ATM skimming remains a big business for organized crime rings. According to a recent article in ATMMarketplace.com, card skimming accounted for more than $2 billion in losses. One new approach that banks are exploring to mitigate this particular vector of fraud, is the notion of using smartphones as a second factor of authentication since most people always have their phone with them. But the question remains: can smartphones solve the growing problem of skimming or do they have their own particular vulnerabilities that might present a new avenue for hackers?
Perhaps the biggest problem is perception. Consumers remain largely unaware around the issue of card skimming and even those who are mindful of the risk, don’t believe they are liable for potential losses. Thus if banks are truly interested in using mobile phones as a primary form of authentication for ATMs, they will need to sell their customers on a better, more secure user experience. And that will surely be a tough sell as a typical fast withdrawal currently takes between 15-20 seconds – it’s hard to imagine that a mobile phone that requires some form of two-factor authentication or a Quick Response (QR) scan will be faster or easier than entering a four digit PIN code.
Security and mitigating losses from skimming ultimately will be what banks care about most. And we would argue that the risk profile between the two are not all that different. Because mobile devices are more prone to be lost or stolen, a compromised phone linked to a bank account can potentially be used as a gateway to access cash from an ATM.
As such, banks who are keen on implementing a card-less ATM solution will need to strengthen or review their enrollment process as attackers can register to mobile banking as a different user, providing them with the ability to steal cash (see a good example of how Apple Pay is exploited for fraud here). Even with biometric measures like Apple’s TouchID fingerprint authentication, an attacker can simply register their phone with another user credentials since TouchID serves only as a local validation of the fingerprint (the ATM or bank is not validating a fingerprint, just the phone itself).
Another disadvantage of using mobile phones as a card replacement is the use of QR codes, instead of the more flexible NFC, HCE or Bluetooth standards. When the solution was initially designed by vendors three years ago, NFC was not being supported by Apple. Consequently, vendors decided not to invest in NFC and opted instead for QR codes, which are plagued with a variety of user experience issues. No doubt, if they had to make a decision today on which technology to use, they would never choose QR codes. Thus we are forced to use QR codes instead of a superior UX with NFC or Bluetooth to establish a handshake between the phone and an ATM.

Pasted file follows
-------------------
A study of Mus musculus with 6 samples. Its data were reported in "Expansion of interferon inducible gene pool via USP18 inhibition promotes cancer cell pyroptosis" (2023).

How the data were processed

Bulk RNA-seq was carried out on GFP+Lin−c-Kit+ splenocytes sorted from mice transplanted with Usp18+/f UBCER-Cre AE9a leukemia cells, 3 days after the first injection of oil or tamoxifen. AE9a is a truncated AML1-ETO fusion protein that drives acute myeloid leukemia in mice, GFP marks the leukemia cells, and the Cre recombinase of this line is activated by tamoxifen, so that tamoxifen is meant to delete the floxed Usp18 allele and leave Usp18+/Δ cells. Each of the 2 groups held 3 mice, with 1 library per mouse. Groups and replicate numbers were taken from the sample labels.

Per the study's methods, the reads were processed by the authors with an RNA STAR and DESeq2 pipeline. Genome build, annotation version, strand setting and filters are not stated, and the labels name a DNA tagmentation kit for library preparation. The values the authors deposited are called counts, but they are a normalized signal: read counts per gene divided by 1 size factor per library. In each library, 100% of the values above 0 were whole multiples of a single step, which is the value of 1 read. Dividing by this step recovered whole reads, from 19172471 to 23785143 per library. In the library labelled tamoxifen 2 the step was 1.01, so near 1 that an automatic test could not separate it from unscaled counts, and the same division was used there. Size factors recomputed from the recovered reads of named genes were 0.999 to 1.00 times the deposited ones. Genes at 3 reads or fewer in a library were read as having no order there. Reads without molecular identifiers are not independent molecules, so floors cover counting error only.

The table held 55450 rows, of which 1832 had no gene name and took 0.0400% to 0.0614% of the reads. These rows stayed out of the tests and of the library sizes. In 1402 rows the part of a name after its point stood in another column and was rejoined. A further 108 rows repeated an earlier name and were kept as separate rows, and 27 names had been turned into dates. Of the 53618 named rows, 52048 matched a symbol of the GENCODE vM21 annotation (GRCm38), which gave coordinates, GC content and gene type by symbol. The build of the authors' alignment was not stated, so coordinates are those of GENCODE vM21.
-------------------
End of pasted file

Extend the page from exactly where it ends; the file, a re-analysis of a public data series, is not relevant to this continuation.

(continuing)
But that is just one issue with QR codes. The authentication mechanism that occurs when scanning a unique QR code which signals to the ATM to dispense cash, is conducted via an encrypted connection to the cloud. If the cloud itself is compromised, then a thief could potentially withdraw cash from every ATM supporting it. The compromised phone now serves as an open front door to the entire ATM network – a vulnerability that simply does not exist with existing ATM cards.
Of course, no solution is completely secured which is why we, at Easy Solutions advocate for implementing a layered security approach, as it remains the only true way to mitigate the risk of fraud. If mobile phones eventually do become a proxy for getting cash, banks will need to be more vigilant about monitoring the behavior of customer phones, which represents a serious privacy concern. Starting with encryption and keys unique to each phone app instance, this would be much more difficult to hack as the phone at the ATM would require the same key as the phone with the app – this is significantly more complex to obtain via malware.
Of course ATMs are operated not as cost reduction tools, but as profit centers for banks and independent owners. In this context, new technologies are less likely to be introduced until the old technology is depreciated. With XP retirement on the horizon and EMV technology requiring upgrade within the last 30 months for all ATMs, it will be a while before we see a complete shift to cardless ATMs. Rather, banks will most likely try to combine those upgrades so they can realize a greater return on their existing infrastructure investment.
To learn more on how to avoid ATM skimming, click here.